In Progress
Unit 1, Lesson 1
In Progress

Protocol Complication

Video transcript & code

Let's imagine we're building an online bookstore, which enables readers to page through books right on the website.

As part of the infrastructure for this program, we have a concept of a "book iterator" object.

A book iterator has methods for paging backwards and forwards through a book.

require "./book_iterators"

itr =
itr.next_page                   # => 2
itr.next_page                   # => 3
itr.previous_page               # => 2

It also has methods for finding out the #first_page_number and #last_page_number.

require "./book_iterators"

itr =
itr.first_page_number           # => 1
itr.last_page_number            # => 1456

On some parts of the site we want to be able to show a range from first to last page. Here's a very rudimentary version of that code. This method just takes a book iterator, and formats the start-to-end range along with the current page and a remaining page count.

Here's how it looks when used with our War and Peace iterator:

This formatting function implies that there is a protocol it can expect its inputs to comply with. Let's think about what that protocol consists of.

  • there is a #current_page_number message, which returns an integer.
  • There is a #first_page_number message, which returns an integer.
  • There is a #last_page_number message, which returns an integer.

The iterator objects that are passed to this method may support other functionality, but it doesn't care. All it is concerned with is this very simple three-method page numbering protocol.

def format_page_range(book_iterator)
  remaining = book_iterator.last_page_number - book_iterator.current_page_number
  " (#{remaining} to go)"
require "./book"
require "./book_iterators"
require "./formatter"

itr =

# => "1<--[1]-->1456 (1455 to go)"

As our application is developed, we add more kinds of iterators. For instance, we add an "sample iterator" which just picks pages at random to show to prospective book readers.

require "./book_iterators"

itr =
itr.next_page                   # => 290
itr.next_page                   # => 194
itr.next_page                   # => 269

We also introduce a "bookshelf iterator", that can step through the pages of a whole list of books.

require "./book_iterators"


All of these iterators support the concept of a #first_page_number and a #last_page_number. Let's see how they work with our page range formatter.

When we feed a SampleIterator into the formatting function, we sometimes see output where the starting page number is higher than the ending page number. That's disconcerting, from a user's point of view. What's worse, the "pages to go count" is now negative.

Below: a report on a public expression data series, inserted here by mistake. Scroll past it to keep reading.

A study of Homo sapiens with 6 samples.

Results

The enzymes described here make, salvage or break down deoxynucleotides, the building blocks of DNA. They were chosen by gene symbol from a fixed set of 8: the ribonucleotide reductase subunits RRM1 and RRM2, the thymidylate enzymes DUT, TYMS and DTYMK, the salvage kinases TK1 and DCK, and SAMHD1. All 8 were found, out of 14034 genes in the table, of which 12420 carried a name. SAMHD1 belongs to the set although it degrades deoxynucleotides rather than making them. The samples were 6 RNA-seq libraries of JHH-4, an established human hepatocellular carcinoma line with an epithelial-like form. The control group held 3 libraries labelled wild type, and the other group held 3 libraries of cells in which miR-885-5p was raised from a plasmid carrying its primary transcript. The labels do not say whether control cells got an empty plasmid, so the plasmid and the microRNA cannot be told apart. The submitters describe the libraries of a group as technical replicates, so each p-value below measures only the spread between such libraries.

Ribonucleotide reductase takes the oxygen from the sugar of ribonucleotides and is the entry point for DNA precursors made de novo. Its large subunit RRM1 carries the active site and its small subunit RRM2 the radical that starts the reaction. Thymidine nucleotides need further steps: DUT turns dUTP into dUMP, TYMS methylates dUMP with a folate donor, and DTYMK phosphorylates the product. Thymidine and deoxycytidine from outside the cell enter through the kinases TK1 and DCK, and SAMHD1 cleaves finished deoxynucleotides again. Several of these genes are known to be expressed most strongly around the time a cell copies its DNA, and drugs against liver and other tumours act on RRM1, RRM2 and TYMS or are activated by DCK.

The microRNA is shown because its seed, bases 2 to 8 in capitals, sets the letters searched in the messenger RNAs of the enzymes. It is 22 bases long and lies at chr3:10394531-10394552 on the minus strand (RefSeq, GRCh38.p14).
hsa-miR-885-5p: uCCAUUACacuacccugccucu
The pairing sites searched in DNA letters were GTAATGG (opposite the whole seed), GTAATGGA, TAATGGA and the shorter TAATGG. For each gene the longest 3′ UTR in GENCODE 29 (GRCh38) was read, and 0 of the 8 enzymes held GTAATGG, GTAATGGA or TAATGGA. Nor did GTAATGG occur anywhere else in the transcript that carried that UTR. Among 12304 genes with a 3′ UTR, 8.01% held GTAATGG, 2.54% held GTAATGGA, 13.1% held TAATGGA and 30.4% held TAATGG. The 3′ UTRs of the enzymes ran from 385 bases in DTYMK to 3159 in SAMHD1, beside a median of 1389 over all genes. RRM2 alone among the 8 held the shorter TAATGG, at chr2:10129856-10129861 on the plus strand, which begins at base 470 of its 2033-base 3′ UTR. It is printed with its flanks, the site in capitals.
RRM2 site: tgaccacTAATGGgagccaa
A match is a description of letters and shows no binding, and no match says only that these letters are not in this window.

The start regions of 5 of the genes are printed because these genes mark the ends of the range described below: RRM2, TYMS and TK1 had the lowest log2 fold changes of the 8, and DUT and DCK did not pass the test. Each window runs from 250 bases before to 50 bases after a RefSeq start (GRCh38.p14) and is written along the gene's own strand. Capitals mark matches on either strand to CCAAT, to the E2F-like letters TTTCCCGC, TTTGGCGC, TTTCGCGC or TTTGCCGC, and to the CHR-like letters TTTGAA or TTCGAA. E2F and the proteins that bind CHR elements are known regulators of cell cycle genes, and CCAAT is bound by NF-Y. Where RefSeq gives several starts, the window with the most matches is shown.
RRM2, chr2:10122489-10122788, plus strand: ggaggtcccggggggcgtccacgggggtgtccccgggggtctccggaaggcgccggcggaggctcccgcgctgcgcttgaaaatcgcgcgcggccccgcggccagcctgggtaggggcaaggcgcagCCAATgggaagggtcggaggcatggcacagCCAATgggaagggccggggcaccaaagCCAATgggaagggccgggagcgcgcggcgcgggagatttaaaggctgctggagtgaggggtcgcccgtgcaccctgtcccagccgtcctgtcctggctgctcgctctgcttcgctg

require "./book_iterators"
require "./formatter"

itr =
itr.current_page_number         # => 52
# => "52<--[52]-->29 (-23 to go)"

Now let's try a BookshelfIterator. Except that we're going to make it an iterator for someone who has cleared out their bookshelf and has no books left on their queue.

require "./book_iterators"
require "./formatter"

itr =[])
# =>

# ~> NoMethodError
# ~> undefined method `-' for nil:NilClass
# ~>
# ~> /home/avdi/Dropbox/rubytapas/370-protocol-complication/formatter.rb:3:in...
# ~> xmptmp-in101592nv.rb:5:in `<main>'

Whoopsie. Looks like some of those methods return nil when there are no books on the self.

Now that we've tried out a few iterators, let's think about the updated page-numbering protocol that our formatter method needs to be aware of.

  • there is a #current_page_number message, which returns:
    • an integer
    • or nil
  • There is a #first_page_number message, which returns:
    • an integer
    • which may be equal, greater, or lesser than the #current_page_number
    • …or nil
  • There is a #last_page_number message, which returns:
    • an integer
    • which may be equal, greater, or lesser than the #current_page_number and first_page_number
    • …or nil

Now, obviously these examples are contrived, and the correctness of these return values is questionable. But the point I hope to make is this:

The protocol, or interface, your clients have to deal with is the union of the behavior of all of the methods in all of the classes which may play a given role.

When we add a new implementation of a protocol, we may broaden the return values or other behavior of the methods in a way that seems sensible from the point of view of that particular object's behavior. But what we have to keep in mind is that we are adding that behavior to the total set of possibilities that users of the protocol have to be aware of.

The lesson to take away is, first, that it's important to think of the protocols or interfaces our objects define in a way that's more abstract than the behavior of a single object. Ruby doesn't have type signatures or interface definitions. But it pays to at least think about the interfaces we are defining, and what rules those interfaces ought to follow irrespective of specific implementations.

And second, we need to remember that every time we add a new implementation of an existing interface, we are potentially adding to the total behavior set that clients of that interface have to be aware of. This situation calls for an attitude of conservatism: if possible, we should find a way to make the new implementation behave consistently with the existing ones. Including with unstated rules such as "the last page number is greater than or equal to the current page number".

Perhaps another time we can talk about how these disparate iterators might have been more conservative in their implementation of the page-numbering protocol. For now, I hope this episode provides some food for thought about the implied protocols you're defining in your own object families. Happy hacking!